Well they do nowadays, anyway, but it’s a trend that first started with me and Seph.
See, I bring the dead back for a fee and for a cost, which are two different things. The fee is my going rate of three gold coins per body—real gold, mind you, though I don’t care about when or how they were minted. The cost though; that’s not about me, that’s about the necromancing.
I bring back someone who’s died, who’s been to the Other Side, and not only that, but I bring them back in their original body, no matter how far along in the decomposition process it is.
(Hey, I’m a necromancer, not a rejuvenator. They charge a hell of a lot more than I do and for good reason.)
So the cost is that my shades come back rotting to varying degrees. I had to start warning people about that after the first few times I got a nauseated customer yelling in my face and demanding a refund and return. I really didn’t think I needed to explain what being dead does to flesh and bone, but I guess there’s no accounting for common sense.
The problem was, making that fact clear to people meant I lost a lot of business, because people are generally squeamish. Still, I scraped by with resurrecting the more recently dead…until Seph opened her florist shop up across from me, and we got to talking. We became fast friends, which kinda sucked because at the time, I was about a month out from needing to declare bankruptcy and having to move out.
I just wasn’t making the rates I needed.
So I was talking about the dead (which was par for the course with me) and flirting with Seph (because what did I have left to lose) and that meant I was talking about how the dead like flowers.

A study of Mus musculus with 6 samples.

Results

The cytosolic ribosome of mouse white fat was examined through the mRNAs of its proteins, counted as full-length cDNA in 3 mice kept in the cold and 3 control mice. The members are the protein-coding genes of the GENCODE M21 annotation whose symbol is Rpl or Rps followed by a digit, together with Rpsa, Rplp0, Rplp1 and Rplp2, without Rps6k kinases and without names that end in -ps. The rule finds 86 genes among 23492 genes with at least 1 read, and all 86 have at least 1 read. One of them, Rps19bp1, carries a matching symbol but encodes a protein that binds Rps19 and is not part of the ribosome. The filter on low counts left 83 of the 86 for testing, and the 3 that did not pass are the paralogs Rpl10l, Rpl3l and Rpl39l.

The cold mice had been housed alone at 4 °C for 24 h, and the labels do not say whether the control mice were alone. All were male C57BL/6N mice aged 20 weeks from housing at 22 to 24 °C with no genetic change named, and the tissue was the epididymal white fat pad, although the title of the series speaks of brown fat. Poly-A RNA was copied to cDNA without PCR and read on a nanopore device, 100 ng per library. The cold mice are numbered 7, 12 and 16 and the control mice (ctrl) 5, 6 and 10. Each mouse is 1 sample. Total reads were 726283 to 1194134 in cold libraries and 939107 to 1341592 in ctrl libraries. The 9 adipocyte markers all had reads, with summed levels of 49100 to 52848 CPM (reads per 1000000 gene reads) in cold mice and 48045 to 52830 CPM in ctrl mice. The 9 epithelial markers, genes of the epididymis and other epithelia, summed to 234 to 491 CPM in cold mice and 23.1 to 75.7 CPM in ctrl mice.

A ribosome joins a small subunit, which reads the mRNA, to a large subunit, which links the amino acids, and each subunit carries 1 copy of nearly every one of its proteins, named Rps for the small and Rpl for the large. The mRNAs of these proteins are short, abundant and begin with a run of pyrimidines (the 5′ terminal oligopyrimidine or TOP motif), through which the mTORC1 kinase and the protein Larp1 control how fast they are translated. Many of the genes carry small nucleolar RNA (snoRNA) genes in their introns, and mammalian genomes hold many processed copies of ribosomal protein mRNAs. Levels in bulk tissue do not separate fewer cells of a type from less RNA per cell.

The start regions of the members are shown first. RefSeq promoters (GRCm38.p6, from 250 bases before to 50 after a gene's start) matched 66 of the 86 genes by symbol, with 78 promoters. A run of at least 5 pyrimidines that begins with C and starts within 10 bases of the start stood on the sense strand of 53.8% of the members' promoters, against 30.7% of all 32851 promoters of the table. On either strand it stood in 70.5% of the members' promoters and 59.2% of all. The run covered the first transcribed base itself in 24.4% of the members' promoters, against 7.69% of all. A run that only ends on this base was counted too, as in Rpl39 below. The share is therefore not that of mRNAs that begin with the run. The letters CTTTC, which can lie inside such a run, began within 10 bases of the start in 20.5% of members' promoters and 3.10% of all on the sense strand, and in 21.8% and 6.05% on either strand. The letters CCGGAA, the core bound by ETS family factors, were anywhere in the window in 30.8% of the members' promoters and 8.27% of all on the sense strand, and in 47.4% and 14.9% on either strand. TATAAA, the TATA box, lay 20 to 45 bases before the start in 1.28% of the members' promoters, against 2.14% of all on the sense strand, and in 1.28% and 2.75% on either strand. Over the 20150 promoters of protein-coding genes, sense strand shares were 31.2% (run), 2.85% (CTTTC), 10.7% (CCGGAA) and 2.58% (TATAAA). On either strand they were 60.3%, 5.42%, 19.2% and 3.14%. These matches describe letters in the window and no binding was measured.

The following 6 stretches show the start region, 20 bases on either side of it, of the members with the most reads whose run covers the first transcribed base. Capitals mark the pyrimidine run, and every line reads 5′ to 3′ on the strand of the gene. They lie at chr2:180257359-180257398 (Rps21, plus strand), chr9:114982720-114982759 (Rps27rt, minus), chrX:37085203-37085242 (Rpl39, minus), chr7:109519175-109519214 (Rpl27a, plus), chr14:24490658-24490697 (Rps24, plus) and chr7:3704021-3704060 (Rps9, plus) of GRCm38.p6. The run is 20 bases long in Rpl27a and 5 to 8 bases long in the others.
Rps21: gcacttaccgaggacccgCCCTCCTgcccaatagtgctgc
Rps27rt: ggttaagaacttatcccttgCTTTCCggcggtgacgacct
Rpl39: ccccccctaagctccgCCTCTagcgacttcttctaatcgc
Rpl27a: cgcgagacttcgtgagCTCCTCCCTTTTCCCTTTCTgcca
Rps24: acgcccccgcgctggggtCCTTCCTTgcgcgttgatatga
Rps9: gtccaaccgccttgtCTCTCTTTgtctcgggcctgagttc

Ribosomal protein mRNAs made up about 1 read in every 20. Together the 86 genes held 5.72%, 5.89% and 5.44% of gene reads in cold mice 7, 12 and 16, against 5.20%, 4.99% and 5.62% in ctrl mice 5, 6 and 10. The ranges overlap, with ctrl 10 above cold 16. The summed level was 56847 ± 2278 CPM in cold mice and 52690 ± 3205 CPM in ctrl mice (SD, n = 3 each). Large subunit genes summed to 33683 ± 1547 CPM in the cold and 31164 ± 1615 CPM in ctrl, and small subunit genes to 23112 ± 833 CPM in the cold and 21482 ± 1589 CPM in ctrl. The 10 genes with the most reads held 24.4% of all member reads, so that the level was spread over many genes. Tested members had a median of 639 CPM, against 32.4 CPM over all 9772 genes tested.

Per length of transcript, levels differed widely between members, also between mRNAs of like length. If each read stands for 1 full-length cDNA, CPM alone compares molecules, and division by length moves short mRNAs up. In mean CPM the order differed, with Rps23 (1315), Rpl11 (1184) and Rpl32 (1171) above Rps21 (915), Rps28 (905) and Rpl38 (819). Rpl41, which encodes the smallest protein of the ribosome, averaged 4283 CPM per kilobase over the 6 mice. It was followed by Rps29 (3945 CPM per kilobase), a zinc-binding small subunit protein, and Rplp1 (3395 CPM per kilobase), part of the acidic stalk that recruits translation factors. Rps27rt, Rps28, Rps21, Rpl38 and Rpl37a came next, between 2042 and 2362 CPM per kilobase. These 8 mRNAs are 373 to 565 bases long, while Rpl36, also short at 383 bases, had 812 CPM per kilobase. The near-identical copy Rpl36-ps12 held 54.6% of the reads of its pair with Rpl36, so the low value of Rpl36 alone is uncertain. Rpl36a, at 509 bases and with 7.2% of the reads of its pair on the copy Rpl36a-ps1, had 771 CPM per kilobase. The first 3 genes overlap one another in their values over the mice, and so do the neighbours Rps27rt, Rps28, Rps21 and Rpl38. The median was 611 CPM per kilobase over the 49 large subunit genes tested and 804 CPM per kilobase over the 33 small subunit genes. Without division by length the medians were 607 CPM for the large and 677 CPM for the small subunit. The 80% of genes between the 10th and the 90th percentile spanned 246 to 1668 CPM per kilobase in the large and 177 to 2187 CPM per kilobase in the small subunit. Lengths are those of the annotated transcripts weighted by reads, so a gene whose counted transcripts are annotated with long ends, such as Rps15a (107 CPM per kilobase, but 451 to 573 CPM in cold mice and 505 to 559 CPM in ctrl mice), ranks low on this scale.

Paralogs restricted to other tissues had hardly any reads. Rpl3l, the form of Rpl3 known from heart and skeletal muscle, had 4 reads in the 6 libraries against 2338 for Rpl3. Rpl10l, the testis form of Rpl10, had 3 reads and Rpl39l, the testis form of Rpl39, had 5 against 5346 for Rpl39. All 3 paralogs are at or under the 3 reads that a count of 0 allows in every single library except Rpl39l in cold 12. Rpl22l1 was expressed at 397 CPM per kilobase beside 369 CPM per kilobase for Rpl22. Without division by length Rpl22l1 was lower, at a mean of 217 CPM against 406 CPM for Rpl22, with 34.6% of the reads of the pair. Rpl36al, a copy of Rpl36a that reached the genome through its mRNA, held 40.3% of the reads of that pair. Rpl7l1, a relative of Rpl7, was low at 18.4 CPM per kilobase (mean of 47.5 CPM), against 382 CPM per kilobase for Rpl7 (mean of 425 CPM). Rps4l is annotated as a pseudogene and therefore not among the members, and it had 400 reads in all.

“Do they really?” Seph asked me, a private smile pulling at her mouth, like she knew exactly what I was doing but also knew I wasn’t lying or exaggerating, and that made me charming rather than sleazy.
I nodded seriously. “They do! Why do you think people leave bouquets on graves, or make wreaths for coffins, and fill funerals with more flowers than they do weddings? It’s because the dead like them, because flowers smell like life. They make the dead feel less displaced, you know. Less out of touch in the Great Beyond, less cut off from the Here and Now.”
Seph got that look in her eye, that jewel-bright look that meant she’d had a brilliant idea and I was about to struggle with the urge not to kiss her.
“Oh!” she said. “Oh, I think I’ve found a way to save your business!”
(I ended up kissing her. She kissed me back though, so it really was all coming up roses).
So that’s how our joint business Phantasm Florals was born. The shades are happy, and the customers too; they get their dead back as a personal, walking garden of blooms that hides all scent and sight of decay, and the dead don’t have to feel self-conscious or get shunted back behind the Veil simply for being who they are.
On a more personal level, flush with the success of our business and delighted with our blossoming relationship (pun fully intended), I asked Seph to marry me.
She said yes.
Fictober is a challenge where writers respond to a prompt a day for the whole of October.
This year's prompts are from Deep Water Prompts on tumblr.
Welcome to the blog!
Featuring prompt fills, excerpts from my wips, posts about my writing process, and more.